UPDATE 2:45 PM
News 5 also spoke with Dr. Benjamin Estrada today. He’s the Director of Pediatric Infectious Diseases at the USA School of Medicine. He says one reason for the uptick is the vaccination used today only lasts about a decade.
“The vaccine we used to use in the 1980s was what we call a wholesale vaccine which was very effective but had some side effects that were unwanted that’s why we switched to a vaccine that has much less side effects,” said Dr. Estrada. The group most at risk–children younger than one. Doctor Estrada encourages mothers, at every pregnancy, to get another pertussis shot.
“So that way when the baby’s born, who has not received the vaccine yet, the baby can be protected from exposure,” said Dr. Estrada.
In a press release, state health officials are warning parents that the condition commonly known as whooping cough is on the rise in the state.
Here’s the complete release:
“The Alabama Department of Public Health’s Immunization Division is warning citizens that pertussis cases are significantly higher in Alabama and continue to be on the rise. Immunization data reveals an increase from 113 reported cases in 2016, to 151 reported cases thus far in 2017. Pertussis cases have occurred statewide in 2017, including multiple outbreaks in Calhoun and Chambers counties.
Pertussis, also known as whooping cough, is a highly contagious respiratory notifiable disease in Alabama. Pertussis begins with symptoms such as a runny nose, low grade fever, and cough. After a week or two of the illness, pertussis progresses to violent coughing, making it difficult for those infected to breathe. After fits of many coughs, people with the illness often need to take deep breaths which result in a “whooping” sound.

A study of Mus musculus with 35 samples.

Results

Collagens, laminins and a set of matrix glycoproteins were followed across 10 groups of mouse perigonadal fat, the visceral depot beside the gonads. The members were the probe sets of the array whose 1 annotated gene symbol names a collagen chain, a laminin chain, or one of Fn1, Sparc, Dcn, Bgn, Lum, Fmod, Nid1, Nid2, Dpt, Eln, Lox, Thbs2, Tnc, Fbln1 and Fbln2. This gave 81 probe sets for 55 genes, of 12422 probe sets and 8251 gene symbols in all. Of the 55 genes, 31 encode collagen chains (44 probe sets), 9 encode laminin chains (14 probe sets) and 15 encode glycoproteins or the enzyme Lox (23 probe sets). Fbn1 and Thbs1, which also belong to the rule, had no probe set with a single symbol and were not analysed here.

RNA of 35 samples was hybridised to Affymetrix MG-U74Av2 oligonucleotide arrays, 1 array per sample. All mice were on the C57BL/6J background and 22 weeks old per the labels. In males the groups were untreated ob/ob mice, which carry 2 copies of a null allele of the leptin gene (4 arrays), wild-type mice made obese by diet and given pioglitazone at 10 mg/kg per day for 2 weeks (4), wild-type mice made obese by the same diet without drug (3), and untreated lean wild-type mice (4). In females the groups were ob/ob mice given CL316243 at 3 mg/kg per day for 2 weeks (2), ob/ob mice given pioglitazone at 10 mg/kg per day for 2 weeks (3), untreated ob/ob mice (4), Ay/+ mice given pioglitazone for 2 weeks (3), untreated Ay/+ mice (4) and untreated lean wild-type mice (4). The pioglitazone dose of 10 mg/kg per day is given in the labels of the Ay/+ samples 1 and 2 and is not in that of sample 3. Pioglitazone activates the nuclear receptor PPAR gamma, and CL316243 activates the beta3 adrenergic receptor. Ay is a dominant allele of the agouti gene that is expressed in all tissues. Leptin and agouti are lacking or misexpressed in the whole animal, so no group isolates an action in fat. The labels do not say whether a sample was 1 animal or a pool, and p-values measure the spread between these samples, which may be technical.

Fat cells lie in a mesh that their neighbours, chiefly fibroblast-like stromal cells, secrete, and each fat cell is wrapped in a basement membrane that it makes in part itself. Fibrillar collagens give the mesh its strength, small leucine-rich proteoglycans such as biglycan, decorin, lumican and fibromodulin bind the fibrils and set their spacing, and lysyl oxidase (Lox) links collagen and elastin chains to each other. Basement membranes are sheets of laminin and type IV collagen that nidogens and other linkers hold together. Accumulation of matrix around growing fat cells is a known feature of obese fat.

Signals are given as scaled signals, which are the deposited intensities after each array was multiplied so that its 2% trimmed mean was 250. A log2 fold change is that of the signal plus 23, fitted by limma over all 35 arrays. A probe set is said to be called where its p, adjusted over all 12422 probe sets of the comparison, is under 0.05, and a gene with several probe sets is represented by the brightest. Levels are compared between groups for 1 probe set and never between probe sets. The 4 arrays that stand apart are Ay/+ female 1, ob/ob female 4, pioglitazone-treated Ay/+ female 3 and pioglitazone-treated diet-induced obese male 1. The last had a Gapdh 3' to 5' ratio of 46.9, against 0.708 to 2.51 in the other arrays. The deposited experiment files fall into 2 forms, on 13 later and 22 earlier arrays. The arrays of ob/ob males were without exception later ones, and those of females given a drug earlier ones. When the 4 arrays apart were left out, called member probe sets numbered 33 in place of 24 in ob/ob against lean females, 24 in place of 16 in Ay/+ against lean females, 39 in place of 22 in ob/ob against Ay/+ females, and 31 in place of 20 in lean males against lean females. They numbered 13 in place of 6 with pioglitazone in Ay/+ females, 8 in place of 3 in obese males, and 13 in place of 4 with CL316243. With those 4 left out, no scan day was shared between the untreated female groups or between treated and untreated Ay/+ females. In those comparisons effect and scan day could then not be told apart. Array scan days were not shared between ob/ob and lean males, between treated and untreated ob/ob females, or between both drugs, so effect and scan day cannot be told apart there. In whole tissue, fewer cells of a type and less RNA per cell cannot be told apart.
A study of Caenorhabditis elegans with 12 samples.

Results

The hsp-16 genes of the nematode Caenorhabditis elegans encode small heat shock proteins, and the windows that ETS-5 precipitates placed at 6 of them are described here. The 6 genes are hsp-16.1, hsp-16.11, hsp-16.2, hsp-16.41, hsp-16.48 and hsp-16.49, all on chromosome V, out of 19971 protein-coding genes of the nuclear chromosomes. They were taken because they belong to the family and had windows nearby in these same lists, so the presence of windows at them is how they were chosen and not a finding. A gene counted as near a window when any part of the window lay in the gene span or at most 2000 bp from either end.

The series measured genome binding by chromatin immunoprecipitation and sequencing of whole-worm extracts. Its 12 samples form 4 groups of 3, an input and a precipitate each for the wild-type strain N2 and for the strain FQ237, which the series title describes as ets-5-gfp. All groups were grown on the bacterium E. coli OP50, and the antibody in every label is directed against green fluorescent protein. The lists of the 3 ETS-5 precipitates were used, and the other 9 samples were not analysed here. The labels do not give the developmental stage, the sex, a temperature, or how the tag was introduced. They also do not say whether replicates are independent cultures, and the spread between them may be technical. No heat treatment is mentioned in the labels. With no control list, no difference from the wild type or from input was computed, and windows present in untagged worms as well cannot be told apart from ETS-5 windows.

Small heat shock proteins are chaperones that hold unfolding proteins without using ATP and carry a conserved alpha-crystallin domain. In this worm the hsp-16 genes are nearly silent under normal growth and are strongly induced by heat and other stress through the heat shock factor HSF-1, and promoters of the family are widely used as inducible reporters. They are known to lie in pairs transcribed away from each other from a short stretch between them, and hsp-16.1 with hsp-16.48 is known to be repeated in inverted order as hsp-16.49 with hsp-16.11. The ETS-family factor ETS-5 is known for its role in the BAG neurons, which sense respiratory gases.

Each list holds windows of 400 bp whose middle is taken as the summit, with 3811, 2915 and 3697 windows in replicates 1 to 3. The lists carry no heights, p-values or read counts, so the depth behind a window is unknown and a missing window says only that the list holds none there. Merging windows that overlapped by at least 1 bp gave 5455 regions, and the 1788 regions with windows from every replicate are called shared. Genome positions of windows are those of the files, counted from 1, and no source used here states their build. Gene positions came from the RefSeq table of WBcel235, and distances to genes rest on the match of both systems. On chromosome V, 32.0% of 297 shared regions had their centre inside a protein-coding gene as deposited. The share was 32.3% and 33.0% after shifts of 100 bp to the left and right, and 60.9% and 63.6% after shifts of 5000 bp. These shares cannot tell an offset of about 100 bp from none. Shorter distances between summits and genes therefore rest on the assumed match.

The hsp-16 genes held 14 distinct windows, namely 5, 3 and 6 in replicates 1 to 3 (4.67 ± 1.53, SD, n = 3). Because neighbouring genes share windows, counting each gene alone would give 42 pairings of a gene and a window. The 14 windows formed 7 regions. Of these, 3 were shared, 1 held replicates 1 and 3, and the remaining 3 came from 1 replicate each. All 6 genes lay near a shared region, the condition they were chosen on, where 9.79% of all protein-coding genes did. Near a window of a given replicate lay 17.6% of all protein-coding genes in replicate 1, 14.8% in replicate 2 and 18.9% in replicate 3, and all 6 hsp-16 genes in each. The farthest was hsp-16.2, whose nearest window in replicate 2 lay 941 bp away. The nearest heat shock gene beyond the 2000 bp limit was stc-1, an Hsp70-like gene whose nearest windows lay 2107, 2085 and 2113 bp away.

“Alabama is not alone in the growth of pertussis cases. Nationwide we have seen an increase in pertussis cases, and while there are several factors that could contribute to this, one generally accepted reason from the Centers for Disease Control and Prevention is that although the pertussis vaccine is effective, it tends to decrease in immunity over time,” said Dr. Karen Landers, Assistant State Health Officer. “That’s why it’s so important that we educate Alabamians on this disease and let them know how they can prevent and treat it.”
During an outbreak of pertussis, Immunization Division staff collect specimens for testing, assess vaccine status, contact persons via phone who have been in places where exposure has occurred, and provide information for entities to share with those who may have been exposed. Those who are concerned that they may have been exposed to the disease, or feel that they are exhibiting symptoms, should consult their primary physician to be evaluated.
“Patients should be aware that this is a serious disease that can affect people of all ages. It can even be deadly for babies less than a year old. That’s why it’s especially important for parents and grandparents who are in close contact with infants to make sure they are up to date on their vaccinations,” said Dr. Landers.
According to CDC, the best way to protect against pertussis is by getting vaccinated. Pregnant women should also be vaccinated with Tdap (tetanus, diphtheria, pertussis) during each pregnancy as a way to protect infants.
For more information on signs and symptoms of pertussis, or vaccination please visit http://www.alabamapublichealth.gov/immunization and the division’s Facebook page Alabama Immunization Info at www.facebook.com/AlabamaImmunizationInfo.”